WBZ-TV reporter Bill Shields.
WBZ-TV reporter Bill Shields.Matthew Hakola

Bill Shields, a longtime WBZ-TV reporter known for his lively wit and humor, will be retiring on Sept. 24.

Just don’t call him legendary.

“Legendary is a nice way of saying you’re old,” he said, laughing.

Shields, 69, has been a familiar face on WBZ-TV for 41 years and has covered all kinds of stories, from wild weather to organized crime to presidential elections to his own battle with cancer.

Since joining the station in 1980, Shields has established himself as a smart, seasoned street reporter who is willing to report from anywhere to bring the story to viewers.


“Don’t you love sideways snow? I have always loved sideways snow,” he quipped. “.... the snow’s falling sideways, it feels like needles going into your face. I wish I was surfing today!”

Shields holds a bachelor of arts degree in journalism from the University of Texas. Prior to joining WBZ-TV, he was a reporter for KENS-TV in San Antonio from 1977 to 1980. He also worked as a photographer and reporter for KTVV-TV and as a reporter for KHFI radio in Austin.

When Shields decided to make a move to a bigger market, he sent out resume tapes to several stations and ultimately fell in love with Boston.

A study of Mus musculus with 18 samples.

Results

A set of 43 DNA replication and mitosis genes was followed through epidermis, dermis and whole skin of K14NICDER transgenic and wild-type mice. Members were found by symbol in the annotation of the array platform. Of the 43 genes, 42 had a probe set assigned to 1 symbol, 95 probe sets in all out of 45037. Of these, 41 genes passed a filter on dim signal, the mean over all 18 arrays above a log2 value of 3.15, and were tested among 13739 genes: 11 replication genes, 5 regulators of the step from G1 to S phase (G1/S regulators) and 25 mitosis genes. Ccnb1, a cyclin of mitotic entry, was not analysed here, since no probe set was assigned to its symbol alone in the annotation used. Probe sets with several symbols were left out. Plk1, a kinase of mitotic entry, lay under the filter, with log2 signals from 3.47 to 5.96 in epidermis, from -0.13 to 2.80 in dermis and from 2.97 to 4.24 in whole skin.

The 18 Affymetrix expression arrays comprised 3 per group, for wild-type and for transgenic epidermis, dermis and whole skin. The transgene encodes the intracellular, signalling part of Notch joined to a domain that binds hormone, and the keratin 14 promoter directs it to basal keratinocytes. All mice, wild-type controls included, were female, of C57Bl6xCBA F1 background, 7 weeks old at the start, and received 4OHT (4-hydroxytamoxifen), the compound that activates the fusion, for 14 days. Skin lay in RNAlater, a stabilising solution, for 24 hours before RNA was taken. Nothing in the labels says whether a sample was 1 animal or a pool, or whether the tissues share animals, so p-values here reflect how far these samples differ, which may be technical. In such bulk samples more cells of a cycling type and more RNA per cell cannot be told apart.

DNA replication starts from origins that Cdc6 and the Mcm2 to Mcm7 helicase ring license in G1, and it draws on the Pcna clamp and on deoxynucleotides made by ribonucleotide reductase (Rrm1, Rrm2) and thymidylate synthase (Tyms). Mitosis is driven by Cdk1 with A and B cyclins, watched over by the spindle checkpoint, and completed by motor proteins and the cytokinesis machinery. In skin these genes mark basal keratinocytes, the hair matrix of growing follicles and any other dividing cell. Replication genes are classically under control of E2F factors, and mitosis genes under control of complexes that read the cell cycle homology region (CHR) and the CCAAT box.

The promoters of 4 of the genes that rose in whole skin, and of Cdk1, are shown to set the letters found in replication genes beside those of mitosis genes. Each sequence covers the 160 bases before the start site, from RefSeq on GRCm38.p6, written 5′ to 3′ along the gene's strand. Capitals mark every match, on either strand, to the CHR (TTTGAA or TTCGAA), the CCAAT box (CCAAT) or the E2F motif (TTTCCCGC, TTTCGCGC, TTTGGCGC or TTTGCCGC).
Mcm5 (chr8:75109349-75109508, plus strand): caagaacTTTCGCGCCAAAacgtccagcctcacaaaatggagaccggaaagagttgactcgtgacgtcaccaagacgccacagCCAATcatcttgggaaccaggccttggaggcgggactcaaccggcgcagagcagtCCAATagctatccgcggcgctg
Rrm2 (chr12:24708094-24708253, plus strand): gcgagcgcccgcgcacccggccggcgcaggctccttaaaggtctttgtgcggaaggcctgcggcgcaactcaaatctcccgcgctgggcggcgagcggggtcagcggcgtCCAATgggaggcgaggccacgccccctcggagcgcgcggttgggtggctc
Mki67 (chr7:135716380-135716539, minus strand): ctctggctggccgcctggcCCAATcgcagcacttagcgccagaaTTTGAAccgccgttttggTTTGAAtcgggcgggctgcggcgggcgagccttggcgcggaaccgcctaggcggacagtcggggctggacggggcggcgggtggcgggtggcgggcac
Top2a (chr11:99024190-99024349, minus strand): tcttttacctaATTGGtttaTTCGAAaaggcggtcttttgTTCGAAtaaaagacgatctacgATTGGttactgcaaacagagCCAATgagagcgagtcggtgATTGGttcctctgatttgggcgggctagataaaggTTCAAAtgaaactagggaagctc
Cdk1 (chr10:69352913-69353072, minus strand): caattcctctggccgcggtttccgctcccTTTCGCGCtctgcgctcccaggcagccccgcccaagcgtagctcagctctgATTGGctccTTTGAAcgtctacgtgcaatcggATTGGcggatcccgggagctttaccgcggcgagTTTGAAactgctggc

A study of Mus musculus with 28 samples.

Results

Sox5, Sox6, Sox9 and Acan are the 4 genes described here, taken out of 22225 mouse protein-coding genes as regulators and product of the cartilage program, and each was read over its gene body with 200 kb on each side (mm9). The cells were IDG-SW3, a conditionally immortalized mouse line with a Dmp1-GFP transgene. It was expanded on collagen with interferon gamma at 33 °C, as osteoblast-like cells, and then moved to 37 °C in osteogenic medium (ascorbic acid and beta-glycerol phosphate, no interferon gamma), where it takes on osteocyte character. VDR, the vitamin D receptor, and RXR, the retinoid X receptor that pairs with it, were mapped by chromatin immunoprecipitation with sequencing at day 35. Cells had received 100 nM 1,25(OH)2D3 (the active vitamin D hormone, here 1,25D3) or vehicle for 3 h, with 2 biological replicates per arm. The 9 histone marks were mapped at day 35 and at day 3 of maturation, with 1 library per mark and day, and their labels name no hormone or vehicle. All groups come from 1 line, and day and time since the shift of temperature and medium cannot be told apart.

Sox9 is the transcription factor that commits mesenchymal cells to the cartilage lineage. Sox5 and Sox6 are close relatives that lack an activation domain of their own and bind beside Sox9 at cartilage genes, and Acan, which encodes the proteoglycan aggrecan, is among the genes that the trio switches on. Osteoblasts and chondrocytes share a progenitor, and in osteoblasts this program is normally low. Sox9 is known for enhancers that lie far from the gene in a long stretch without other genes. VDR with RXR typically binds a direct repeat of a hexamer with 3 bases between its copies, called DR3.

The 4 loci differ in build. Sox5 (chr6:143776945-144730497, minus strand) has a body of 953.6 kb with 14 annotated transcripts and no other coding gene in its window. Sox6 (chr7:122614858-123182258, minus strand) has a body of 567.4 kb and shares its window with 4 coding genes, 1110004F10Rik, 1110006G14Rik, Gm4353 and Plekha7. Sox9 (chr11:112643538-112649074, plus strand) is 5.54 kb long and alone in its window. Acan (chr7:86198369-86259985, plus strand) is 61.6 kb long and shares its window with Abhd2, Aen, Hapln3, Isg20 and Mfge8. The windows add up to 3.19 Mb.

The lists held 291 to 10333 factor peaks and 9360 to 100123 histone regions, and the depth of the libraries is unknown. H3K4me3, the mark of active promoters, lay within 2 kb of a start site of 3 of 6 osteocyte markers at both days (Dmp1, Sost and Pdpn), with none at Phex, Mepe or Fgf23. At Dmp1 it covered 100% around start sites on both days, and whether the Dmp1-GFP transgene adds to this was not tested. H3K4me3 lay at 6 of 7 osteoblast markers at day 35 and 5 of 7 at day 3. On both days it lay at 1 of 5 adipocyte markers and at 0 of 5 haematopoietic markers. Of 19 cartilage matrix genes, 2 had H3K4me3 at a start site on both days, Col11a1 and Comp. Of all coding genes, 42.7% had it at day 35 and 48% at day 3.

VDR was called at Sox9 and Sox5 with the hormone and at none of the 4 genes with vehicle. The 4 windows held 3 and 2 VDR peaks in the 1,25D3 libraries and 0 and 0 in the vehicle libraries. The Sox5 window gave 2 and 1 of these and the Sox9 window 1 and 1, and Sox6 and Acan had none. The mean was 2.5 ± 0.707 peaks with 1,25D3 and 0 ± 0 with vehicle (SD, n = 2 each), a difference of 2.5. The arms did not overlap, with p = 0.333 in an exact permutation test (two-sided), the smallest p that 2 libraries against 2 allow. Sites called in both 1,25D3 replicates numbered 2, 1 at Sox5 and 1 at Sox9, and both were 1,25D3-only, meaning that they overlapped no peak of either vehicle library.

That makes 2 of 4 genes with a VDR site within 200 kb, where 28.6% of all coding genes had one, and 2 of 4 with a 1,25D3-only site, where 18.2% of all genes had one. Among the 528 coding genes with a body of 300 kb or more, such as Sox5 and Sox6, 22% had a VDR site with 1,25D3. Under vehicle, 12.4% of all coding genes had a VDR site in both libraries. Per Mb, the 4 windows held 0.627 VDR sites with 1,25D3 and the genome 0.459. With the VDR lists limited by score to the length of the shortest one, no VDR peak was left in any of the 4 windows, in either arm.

“I just looked around and saw that I was surrounded by history,” said Shields. “I fell in love with the city.”

Shields joined WBZ-TV in 1980 and began covering all kinds of stories.

One of his favorite assignments was doing a multi-part story about underwater treasure hunters in Key West.

“That was the most fun story,” he said. “The water was crystal clear. My job was to keep the barracudas away.”


“Believe it or not, I don’t like being in front of a camera! Makes me uncomfortable....I just like reporting... telling stories,” he said.

Shields said it’s hard to imagine not reporting, and that if he comes across an intriguing human interest story after he retires, he’ll be more than willing to jump on it.

“I don’t need to get paid,” he said. “I just want to tell the story.”

Shields credits the photographers he’s worked with during his career, and said he couldn’t have done it without them.

“I’ve worked with so many great photographers over the years. It’s a team effort. I don’t tell a story without photographers. I’ve worked with some great ones,” he said.

“We’ve had so much as fun. No one deserves to have as much fun as I have had in my career. It’s been a lot. As the Grateful Dead say, it’s been a long strange trip,” he said with a laugh.



Emily Sweeney can be reached at emily.sweeney@globe.com. Follow her on Twitter @emilysweeney.